Teach students to recognise American English: Lee Kuan Yew

Former Prime Minister Lee Kuan Yew urges Singaporeans to improve their English. (AFP file photo)Former Prime Minister Lee Kuan Yew urges Singaporeans to improve their English. (AFP file photo)

One of the challenges ahead for Singapore is to decide whether to adopt British English or American English, said Singapore's former Prime Minister Lee Kuan Yew on Tuesday afternoon.

As he urged Singaporeans to do better in English and to help every child attain higher standards, Lee noted that the nation, which currently uses British English, will be increasingly exposed to American English.

"The increasing dominance of the American media means that increasingly our people, teachers and students will be hearing the American version, whether it is 'potatoes' or 'tomatoes'. They will be the dominant force through sheer numbers and the dominance of their economy," Lee was quoted as saying by Channel NewsAsia.

"I believe we will be exposed more and more to American English and so it might be as well to accept it as inevitable and to teach our students to recognise and maybe, to even speak American English," he said at the launch of the English Language Institute of Singapore.

To ensure high standards of English competency in Singapore, Lee noted home backgrounds play an important role in developing good English language skill.

There is also the need to expose a child to good English from the time he steps into kindergarten while teachers, who do not teach English, must use good English and be the best role models for children, he said.

"Our schools must provide a rich language environment. There must be a strong reading culture where children can access and enjoy good books," said Lee as he further called for a "culture of oracy".

Lee stressed that the Singapore education system has built a good English language foundation for students here.

He also pointed out that English, as Singapore's "lingua franca", has benefitted Singapore economically since independence in 1965.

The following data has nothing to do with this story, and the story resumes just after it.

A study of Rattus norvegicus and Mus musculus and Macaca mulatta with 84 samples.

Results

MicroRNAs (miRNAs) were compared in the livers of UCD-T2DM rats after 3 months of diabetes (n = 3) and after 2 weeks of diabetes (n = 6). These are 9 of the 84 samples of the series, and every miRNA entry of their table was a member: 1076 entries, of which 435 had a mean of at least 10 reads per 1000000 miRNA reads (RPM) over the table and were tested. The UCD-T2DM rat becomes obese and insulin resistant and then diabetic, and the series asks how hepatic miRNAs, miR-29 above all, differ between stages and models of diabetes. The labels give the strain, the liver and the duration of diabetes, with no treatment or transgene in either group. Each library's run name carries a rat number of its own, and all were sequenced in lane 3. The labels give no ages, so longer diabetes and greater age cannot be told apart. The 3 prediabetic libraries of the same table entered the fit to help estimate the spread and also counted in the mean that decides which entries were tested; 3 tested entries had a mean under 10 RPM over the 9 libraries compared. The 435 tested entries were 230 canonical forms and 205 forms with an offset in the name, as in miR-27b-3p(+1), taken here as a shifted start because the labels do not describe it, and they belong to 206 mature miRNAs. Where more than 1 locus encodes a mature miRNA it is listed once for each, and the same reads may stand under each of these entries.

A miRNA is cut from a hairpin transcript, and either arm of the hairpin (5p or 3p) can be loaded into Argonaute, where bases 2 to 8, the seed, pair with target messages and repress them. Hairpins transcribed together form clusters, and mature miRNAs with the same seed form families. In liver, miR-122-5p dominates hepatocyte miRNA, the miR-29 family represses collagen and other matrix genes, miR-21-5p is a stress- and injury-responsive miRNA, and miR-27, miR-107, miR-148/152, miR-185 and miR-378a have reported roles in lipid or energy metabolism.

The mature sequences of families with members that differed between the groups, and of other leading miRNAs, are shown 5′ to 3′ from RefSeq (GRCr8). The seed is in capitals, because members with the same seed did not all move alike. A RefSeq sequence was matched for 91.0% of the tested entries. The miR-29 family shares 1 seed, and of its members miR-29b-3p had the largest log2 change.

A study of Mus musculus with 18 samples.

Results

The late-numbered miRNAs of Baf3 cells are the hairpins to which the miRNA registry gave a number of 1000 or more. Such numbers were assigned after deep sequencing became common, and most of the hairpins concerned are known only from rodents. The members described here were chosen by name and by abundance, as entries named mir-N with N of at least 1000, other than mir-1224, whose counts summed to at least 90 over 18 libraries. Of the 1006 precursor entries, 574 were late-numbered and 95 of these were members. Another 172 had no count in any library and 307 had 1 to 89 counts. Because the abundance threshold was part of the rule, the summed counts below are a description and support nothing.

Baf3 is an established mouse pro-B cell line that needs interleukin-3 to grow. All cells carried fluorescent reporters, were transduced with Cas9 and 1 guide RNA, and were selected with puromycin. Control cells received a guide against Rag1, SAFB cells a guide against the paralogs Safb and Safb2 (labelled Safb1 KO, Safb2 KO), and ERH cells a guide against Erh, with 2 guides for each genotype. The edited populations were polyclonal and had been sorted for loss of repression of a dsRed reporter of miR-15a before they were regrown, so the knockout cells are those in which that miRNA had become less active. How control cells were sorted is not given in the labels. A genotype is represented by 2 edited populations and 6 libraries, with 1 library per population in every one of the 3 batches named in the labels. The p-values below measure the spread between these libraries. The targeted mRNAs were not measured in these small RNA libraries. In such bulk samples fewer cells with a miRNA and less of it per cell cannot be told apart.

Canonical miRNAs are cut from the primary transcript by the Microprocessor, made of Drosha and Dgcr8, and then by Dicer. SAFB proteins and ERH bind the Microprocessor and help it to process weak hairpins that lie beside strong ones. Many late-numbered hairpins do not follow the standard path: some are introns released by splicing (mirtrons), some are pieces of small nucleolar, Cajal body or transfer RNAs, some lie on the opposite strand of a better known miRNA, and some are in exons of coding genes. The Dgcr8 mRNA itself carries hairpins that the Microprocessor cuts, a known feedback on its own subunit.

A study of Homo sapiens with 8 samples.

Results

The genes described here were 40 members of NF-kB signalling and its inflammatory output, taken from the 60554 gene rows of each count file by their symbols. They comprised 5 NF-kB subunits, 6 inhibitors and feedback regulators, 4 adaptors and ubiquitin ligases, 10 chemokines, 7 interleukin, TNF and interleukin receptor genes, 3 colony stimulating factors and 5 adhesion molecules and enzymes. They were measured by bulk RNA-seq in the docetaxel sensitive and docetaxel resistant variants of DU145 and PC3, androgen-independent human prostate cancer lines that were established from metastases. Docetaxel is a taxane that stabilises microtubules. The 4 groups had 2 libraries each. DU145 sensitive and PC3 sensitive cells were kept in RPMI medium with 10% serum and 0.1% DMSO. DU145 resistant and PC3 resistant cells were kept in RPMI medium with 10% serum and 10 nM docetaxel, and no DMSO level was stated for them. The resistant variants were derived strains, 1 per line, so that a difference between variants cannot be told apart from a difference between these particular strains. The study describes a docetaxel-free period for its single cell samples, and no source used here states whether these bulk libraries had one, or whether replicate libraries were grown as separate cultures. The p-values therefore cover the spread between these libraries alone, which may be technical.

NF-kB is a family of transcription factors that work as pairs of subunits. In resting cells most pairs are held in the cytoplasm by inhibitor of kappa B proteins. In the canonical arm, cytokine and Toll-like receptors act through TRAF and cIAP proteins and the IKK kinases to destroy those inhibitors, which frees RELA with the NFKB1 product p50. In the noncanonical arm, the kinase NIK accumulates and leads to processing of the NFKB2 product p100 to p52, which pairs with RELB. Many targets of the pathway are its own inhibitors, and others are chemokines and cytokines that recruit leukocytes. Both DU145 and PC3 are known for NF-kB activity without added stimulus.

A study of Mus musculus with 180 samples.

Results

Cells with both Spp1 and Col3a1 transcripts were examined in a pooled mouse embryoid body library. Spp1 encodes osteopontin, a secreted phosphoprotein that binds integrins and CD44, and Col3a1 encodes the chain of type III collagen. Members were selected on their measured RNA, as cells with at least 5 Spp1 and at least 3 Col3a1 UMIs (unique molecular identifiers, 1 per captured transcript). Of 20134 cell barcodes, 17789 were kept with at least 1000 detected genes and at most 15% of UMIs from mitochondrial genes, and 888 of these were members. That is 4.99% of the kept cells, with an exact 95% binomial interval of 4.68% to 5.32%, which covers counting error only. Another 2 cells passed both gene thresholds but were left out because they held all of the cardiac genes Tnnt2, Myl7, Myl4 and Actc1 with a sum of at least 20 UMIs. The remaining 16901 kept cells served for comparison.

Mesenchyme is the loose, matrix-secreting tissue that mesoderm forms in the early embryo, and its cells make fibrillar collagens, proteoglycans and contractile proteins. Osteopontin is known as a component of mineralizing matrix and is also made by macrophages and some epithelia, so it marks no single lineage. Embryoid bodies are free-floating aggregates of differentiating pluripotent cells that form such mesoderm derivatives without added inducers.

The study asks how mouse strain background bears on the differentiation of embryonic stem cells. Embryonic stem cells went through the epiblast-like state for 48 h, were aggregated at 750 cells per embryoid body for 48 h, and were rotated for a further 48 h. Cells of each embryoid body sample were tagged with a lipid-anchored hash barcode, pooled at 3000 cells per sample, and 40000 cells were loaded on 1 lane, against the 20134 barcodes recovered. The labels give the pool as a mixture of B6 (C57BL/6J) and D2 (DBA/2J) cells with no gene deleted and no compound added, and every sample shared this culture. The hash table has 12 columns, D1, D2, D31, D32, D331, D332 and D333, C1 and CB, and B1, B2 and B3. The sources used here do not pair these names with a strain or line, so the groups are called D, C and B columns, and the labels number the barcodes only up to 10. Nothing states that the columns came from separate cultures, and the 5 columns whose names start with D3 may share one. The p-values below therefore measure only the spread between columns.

If the Republic had not chosen English as a working language, the nation would have been left behind, he stated.

Choosing to have English as the working language ensured equality in all races as it allowed them to learn, communicate and work with each other, while the policy of bilingualism allowed people to study their mother tongues, said Lee.

He added, "We are the only country in the region that uses English as our working language, the main medium of instruction in our schools.

"This has given our young a strong advantage of growing up in a multi-cultural multi-lingual society, all speaking the international language of commerce and trade, English, and their mother tongues, Chinese, Malay, Tamil and others as their second language."

Singapore has also been able to attract foreign talent because of its English language policy as it makes working and living in Singapore easier.

"There is an intense worldwide competition for talent, especially for English-speaking skilled professionals, managers and executives. Our English-speaking environment is one reason why Singapore has managed to attract a number of these talented individuals to complement our own talent pool," said Lee.

"They find it easy to work and live in Singapore, and remain plugged into the global economy. Singapore is a popular educational choice for many young Asians who want to learn English, and they get a quality education. This has kept our city vibrant," he said.